Since the book inspired me and changed my life even more, I wanted to meet the author and his family, who have written other spiritual books I’ve read as well. I did a Google search and found the website for don Miguel Ruiz and saw they were having a conference in San Diego. I attended the workshop, which was the first weekend in March, where I was among probably 50 others to hear the Ruiz family present and discuss the book.
It is based on Toltec wisdom. Toltecs were pre-Cortez indigenous people of Mexico before the Aztecs who believed all humans are dreaming all the time. More on the dream theory later. don Miguel was a medical doctor from Mexico living in San Diego. In 1997, he wrote “The Four Agreements: A Toltec Wisdom Book.” There is a section on domestication, but I won’t get into that, I am only discussing the four agreements humans should make with themselves in order to achieve personal happiness.
In this column, I will go through each agreement and give a brief description. With anything personal, these agreements can be tailored for your life and how you choose to keep them.
• Be impeccable with your word.
The definition of impeccable comes from the Latin impeccabilis, meaning without sin. What the author means by your word is the things you say every day. The word is powerful. In the Bible, John 1:1 states “In the Beginning was the Word, And the Word was with God and the Word was God.”
Being impeccable with your word is not using your word against yourself. If someone comes up to you and calls you stupid, they aren’t using their word against you, they are using it against themselves. How do you want to use your energy in life? Do you want to do good with it or do evil with your word? One man, Hitler, in 1939, brought the whole world to war with the word. Also, gossiping about others isn’t being impeccable with your word. For good or for evil — it is your choice.
• Don’t take things personally.
That same insult as used in an earlier example, if someone says something mean toward you, don’t take it personally. It says more about them than it does about you. In that same respect, if someone gives you a compliment like “You look so handsome today,” don’t take it personally.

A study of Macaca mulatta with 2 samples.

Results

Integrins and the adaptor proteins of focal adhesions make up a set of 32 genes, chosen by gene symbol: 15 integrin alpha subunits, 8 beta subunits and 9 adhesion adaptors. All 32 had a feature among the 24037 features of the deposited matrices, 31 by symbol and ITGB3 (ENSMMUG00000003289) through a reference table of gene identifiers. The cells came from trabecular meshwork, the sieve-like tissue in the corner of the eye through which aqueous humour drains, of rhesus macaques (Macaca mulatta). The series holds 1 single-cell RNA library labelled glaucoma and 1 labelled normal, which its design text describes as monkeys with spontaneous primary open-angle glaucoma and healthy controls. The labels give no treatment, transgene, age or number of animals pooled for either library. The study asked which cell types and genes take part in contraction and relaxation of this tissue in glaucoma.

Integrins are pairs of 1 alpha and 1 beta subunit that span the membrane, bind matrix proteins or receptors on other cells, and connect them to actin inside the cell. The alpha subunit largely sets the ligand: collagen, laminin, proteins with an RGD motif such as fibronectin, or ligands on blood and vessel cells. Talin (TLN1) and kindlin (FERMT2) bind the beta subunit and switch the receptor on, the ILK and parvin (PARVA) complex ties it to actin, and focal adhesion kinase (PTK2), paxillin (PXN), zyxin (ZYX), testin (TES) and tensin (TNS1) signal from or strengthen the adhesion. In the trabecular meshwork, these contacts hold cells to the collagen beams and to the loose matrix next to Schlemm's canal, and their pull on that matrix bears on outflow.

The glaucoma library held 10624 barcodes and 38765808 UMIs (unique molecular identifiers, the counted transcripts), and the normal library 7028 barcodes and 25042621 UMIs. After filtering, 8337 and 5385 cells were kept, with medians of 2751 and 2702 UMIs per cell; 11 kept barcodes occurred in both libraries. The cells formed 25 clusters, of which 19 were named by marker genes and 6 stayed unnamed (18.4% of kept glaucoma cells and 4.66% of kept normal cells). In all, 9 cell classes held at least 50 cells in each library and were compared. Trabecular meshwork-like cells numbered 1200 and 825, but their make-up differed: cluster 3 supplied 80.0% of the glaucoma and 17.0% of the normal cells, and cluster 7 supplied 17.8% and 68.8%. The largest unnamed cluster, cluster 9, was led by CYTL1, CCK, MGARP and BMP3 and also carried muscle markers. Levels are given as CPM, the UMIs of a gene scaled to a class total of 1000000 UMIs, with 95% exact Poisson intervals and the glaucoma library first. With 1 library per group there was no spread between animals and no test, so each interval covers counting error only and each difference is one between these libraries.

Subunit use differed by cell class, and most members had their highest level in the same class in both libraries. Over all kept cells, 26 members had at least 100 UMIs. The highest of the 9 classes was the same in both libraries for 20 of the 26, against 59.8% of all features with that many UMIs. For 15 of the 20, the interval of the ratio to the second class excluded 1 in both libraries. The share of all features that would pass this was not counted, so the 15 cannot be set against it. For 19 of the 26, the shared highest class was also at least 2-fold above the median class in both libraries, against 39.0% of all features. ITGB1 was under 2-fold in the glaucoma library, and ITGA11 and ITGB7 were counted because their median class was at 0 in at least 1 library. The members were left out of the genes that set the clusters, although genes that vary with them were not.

While it is nice to receive these compliments, your self-worth shouldn’t be dependent on them. If you are keeping the agreement, then you don’t take anything at all personally. If you take things personally, you tend to get offended. What people think of you shouldn’t matter to you, it is just their perception of you.
• Don’t make assumptions.
Just like the old adage says, “Don’t assume anything or you will make an … out of you and me.”
One example one of the presenters gave us was one night he and his girlfriend at the time didn’t do their nightly phone call ritual. He said after a couple of hours passed, he had run down a “list” of possibilities of what she could be doing. Finally, he said, he jumped to the conclusion that she was with another man.
He went on to say that when she finally arrived home, she had two bags of his favorite food, Thai. However, his mind was not thinking food — they had an argument and split up.
He told us that in his therapy session later he was describing that story and the therapist asked what she had in her hands. He replied, “Thai food...” and it dawned on him just what had happened. He made an assumption and broke up with his girlfriend without asking questions first. Moral of the story: Ask questions before jumping to conclusions.
• Always do your best.
This is the agreement that drives all the others. I will leave this one to your discretion.
If you adhere to these agreements, then you will find personal happiness. I did. One piece of advice that I’ll pass on from one of the presenters: He said to not make the agreements into four conditions. That means if you’re practicing these and for one time you take something personally, acknowledge it and move on. Don’t tell yourself “Oh, I’m not worthy because I took something personally.”
I have accepted, myself, that I am a man who takes things personally, but I’m doing my best to not do that. As with anything in life, do your best — that’s all you can do.
“The Four Agreements: A Toltec Wisdom Book” is available on Amazon.com.
Paul Evans is a spiritual guide, writer, missionary and father who lives in Wilson County.